The new House bill seeks to reduce health care costs by establishing a robust public health insurance option that takes complete advantage of Medicare’s leverage and lower reimbursement rates.
Initially, given its limited size, a public health insurance option may have difficulty securing cheaper rates with providers. But by reimbursing providers some percentage above Medicare rates, the public option would benefit from Medicare’s ability to negotiate with providers (and given its size and national presence it can negotiate lower rates) and pass on the savings to consumers. Compelling Medicare providers to also accept enrollees from the new public option would ensure a large provider base.
Though the House bill is not perfect—it encourages providers to participate rather than compells them to—it goes much further than the Kenedy bill to take full advantage of a public plan’s market power.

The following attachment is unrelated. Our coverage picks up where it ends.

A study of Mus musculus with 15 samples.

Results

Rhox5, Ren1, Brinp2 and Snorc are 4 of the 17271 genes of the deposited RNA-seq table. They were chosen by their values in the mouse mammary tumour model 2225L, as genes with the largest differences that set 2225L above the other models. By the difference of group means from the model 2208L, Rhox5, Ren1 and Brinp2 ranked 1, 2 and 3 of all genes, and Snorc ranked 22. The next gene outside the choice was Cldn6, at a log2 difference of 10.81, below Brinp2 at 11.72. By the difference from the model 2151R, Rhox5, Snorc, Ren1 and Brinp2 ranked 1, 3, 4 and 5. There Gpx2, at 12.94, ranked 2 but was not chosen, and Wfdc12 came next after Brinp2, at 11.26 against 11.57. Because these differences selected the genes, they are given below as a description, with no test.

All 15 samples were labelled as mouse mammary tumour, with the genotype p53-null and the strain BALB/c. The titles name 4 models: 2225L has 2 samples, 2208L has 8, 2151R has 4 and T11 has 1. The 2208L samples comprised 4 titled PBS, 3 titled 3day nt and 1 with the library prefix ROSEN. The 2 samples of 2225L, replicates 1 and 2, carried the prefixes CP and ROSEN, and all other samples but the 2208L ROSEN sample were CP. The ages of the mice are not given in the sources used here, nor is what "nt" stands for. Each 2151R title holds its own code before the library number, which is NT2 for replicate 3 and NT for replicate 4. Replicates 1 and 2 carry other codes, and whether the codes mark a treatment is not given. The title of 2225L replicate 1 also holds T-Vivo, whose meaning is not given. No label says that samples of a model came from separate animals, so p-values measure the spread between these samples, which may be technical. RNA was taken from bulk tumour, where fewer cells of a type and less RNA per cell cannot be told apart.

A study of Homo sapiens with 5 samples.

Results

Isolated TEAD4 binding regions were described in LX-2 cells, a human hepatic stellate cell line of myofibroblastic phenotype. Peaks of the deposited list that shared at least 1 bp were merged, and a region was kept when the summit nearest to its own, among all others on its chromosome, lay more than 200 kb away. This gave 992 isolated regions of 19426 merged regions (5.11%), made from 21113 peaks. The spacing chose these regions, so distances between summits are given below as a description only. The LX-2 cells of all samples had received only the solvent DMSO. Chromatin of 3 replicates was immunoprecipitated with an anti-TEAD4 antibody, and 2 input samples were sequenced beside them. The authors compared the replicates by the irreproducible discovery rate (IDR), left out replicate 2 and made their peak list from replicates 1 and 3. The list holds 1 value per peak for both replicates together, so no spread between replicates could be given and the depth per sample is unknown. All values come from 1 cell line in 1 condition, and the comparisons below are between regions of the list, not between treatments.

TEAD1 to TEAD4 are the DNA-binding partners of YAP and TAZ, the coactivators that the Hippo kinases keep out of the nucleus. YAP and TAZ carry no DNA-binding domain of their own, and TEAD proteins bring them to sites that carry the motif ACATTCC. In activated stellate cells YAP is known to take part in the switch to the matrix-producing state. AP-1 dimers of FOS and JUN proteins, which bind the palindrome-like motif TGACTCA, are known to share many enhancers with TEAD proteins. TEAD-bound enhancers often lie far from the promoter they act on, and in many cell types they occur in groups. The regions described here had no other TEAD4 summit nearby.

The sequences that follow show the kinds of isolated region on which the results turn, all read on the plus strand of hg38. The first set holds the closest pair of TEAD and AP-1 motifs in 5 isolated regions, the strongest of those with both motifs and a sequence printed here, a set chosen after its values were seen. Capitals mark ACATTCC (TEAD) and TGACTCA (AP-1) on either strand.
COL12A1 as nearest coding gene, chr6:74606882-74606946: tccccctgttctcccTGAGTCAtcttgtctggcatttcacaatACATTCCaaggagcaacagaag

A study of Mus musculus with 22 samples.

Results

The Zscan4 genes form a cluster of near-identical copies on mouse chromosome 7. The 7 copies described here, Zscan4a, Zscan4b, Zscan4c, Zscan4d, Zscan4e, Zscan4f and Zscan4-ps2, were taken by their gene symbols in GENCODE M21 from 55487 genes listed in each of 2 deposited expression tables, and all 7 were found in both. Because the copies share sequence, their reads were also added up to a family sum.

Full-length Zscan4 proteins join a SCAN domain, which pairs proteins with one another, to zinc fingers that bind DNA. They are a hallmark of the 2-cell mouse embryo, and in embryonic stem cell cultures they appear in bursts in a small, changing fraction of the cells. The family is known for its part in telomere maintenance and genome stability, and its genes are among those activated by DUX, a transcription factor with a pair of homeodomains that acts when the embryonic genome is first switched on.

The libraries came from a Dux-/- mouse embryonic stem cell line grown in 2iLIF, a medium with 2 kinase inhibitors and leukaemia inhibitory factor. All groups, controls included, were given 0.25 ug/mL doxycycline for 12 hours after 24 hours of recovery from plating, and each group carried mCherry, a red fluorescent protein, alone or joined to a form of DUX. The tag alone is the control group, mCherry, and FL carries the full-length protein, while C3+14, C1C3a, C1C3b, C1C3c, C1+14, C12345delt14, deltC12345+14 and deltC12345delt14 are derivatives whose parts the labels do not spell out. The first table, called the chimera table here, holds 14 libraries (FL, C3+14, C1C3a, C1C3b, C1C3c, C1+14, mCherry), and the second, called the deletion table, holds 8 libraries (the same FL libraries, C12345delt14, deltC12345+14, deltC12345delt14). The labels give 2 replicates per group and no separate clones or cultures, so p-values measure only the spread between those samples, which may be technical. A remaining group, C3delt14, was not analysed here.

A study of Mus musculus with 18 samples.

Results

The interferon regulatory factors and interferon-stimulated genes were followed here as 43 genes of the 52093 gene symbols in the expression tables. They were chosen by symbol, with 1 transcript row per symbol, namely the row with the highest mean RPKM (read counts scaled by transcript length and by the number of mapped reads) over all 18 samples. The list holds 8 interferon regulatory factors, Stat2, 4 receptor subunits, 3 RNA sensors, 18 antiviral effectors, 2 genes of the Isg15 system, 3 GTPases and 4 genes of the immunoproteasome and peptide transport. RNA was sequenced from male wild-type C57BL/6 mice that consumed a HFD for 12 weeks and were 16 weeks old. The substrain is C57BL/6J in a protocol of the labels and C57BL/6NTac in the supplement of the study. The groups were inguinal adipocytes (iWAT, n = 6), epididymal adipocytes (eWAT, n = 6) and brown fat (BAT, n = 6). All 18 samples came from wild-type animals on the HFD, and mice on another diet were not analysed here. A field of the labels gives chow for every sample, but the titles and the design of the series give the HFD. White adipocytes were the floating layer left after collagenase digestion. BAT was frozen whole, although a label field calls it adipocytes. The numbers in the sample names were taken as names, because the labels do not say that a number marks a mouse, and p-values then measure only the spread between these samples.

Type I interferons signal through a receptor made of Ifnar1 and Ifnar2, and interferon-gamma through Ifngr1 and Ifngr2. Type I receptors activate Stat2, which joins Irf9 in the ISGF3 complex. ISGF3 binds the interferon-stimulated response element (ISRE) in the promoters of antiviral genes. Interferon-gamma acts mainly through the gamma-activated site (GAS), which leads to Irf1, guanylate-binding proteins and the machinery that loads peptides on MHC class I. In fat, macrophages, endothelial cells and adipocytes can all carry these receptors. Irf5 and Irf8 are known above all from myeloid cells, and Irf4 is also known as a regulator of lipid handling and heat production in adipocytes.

Under the House legislation, Medicare providers are auto-enrolled as providers in the public option (the legislation presumes they will offer coverage unless they opt out) and their reimbursement rates, which are tied to Medicare rates for the first three years, include a 5% bonus for physicians that participate in both Medicare and the public plan.
In other words, rather than compelling participation, the bill incentivizes it and in the process secures a strong provider base that will attract more enrollees and allow the public plan to grow to a point where it can secure real savings. As the CBO notes, “on average the public plan would be about 10 percent cheaper than a typical private plan offered in the exchanges. That difference in premiums is itself the net effect of differences in the major factors that affect all insurance plans’ premiums, including their payment rates to providers, their administrative costs, the degree of benefit management they apply to control spending, and the pool of enrollees they attract.”
The more complete CBO analysis of the HELP bill concludes:
The new draft also includes provisions
regarding a “public plan,” but those provisions did not have a substantial
effect on the cost or enrollment projections, largely because the public plan
would pay providers of health care at rates comparable to privately
negotiated rates—and thus was not projected to have premiums lower than
those charged by private insurance plans in the exchanges.